I wrote in my dissertation that “the foreign aid system exists in a constant state of crisis of self-examination”. A book reviewer really hated that sentence, considering it too glib and pretentious. And yet, look around: Angus Deaton’s new book criticizes aid for its effectiveness, a new book  has just exposed the failures and contradictions of Jeffrey Sachs’s “Millennium Villages” project, and William Easterly (who seems quite happy with the exposé of his arch-nemesis) will soon release a new book in the “aid does not work” series that has made him famous, with the convivial title “The Tyranny of Experts”. So after 60 years of development assistance it is 2013 and apparently aid has failed, thus joining an illustrious group of transformational ideas that “failed” after decades of setbacks.

Democracy died when the rise of demagogues like Themistocles in 5th-century Athens. Again with the collapse of the Roman republic, perhaps even earlier with the assassinations of Tiberius and Gaius Gracchus in the 2nd century BC. It died in 1297 when the “Serrata del Maggior Consiglio” which placed decision-making in the republic of Venice entirely in the hands of an hereditary aristocracy. It certainly died in 18 Brumaire (1799), when Napoleon became First Consul of revolutionary France. And again in 1851 when President Louis-Napoleon Bonaparte suspended the National Assembly and declared himself Emperor, a mere 3 years after the popular revolutions of 1848. It died in Spain between 194 and 1936, as political polarization became increasingly violent and ultimately propelled the country towards a military coup and civil war.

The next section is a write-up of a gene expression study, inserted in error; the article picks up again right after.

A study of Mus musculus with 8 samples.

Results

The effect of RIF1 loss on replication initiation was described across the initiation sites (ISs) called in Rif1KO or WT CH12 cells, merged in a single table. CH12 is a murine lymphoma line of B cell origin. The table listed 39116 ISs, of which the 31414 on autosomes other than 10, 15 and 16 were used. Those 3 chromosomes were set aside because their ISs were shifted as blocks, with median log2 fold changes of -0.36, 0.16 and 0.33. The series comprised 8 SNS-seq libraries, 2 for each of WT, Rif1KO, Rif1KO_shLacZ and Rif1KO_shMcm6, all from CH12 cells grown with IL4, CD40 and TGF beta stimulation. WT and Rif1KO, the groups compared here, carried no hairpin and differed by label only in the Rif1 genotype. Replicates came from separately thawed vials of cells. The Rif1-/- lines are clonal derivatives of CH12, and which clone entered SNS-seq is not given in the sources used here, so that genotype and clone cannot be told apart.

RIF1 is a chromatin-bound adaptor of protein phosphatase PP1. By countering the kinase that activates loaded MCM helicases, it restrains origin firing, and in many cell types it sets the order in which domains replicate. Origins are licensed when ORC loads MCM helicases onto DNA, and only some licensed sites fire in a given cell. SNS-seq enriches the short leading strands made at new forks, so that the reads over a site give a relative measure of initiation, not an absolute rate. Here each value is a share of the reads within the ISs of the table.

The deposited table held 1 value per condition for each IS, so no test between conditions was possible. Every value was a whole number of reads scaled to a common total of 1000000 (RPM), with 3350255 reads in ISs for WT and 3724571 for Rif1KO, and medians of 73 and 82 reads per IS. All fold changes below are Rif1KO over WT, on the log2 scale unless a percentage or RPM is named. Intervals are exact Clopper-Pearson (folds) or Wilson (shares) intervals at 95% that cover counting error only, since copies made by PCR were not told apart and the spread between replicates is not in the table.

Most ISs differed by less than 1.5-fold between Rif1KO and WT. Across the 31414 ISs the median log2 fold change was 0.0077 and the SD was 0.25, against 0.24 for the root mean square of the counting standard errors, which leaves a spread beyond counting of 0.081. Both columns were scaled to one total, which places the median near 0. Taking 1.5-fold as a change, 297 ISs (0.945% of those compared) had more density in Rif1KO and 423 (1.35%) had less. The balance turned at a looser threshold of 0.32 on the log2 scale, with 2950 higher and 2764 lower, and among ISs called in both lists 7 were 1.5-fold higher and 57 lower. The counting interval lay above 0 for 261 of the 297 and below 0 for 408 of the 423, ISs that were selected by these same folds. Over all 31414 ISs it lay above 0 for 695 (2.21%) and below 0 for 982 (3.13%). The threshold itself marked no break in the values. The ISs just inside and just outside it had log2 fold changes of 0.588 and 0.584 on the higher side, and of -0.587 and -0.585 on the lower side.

Bureaucracy probably first died during the First Intermediate Period in ancient Egypt (2181-2055 BC), between the Old and Middle Kingdoms, when temples were pillaged and destroyed and there was no order in the land. And again during the Second Intermediate Period (1650-1550 BC) when the barbaric Hyksos overran the Egyptian state. Bureaucracy probably died again in the late Roman Empire, and certainly with the dissolution of the Western Empire at the hands of the Germanic peoples. And again during the Protestant Reformation in the sixteenth century, when it became crystal clear that the bureaucratic apparatus of the Catholic Church had become venal and corrupt.

Gender equality obviously died with the demise of the Egyptian state in the first millennium BC, which ended three thousand years of equality for men and women under the law. The death stroke probably came with the establishment and consolidation of the Catholic Church.

Liberal capitalism died in the 1930s with the rise of totalitarian alternatives in Europe and Asia, and it was proven to be ineffectual by the meteoric economic success of the Soviet Union under Stalin. More recently it has died again in light of the comparative economic growth and poverty-reduction in China compared to India.

And so on.

Let us be reasonable: If foreign aid is trying to promote democracy, bureaucracy, equality, and liberal capitalism, processes of social change that took centuries and in some cases millennia to consolidate, how can be adjudicate success or failure after a few decades? One of the key messages from Acemoglu and Robinson’s otherwise bland Why Nations Fail is that institutional change is both contingent and reversible: Then how can we expect support for institutional change to be any different?

Aid has to be made more effective, of course. This probably entails focusing efforts on key reforms and country systems, building state capacity as well as empowering citizens and non-state forms of organization. But if “effectiveness” leads to a retrenchment in favor of quick fixes and measurable outputs, then we might as well go back to 1851 and declare that the debate is over because democracy has failed.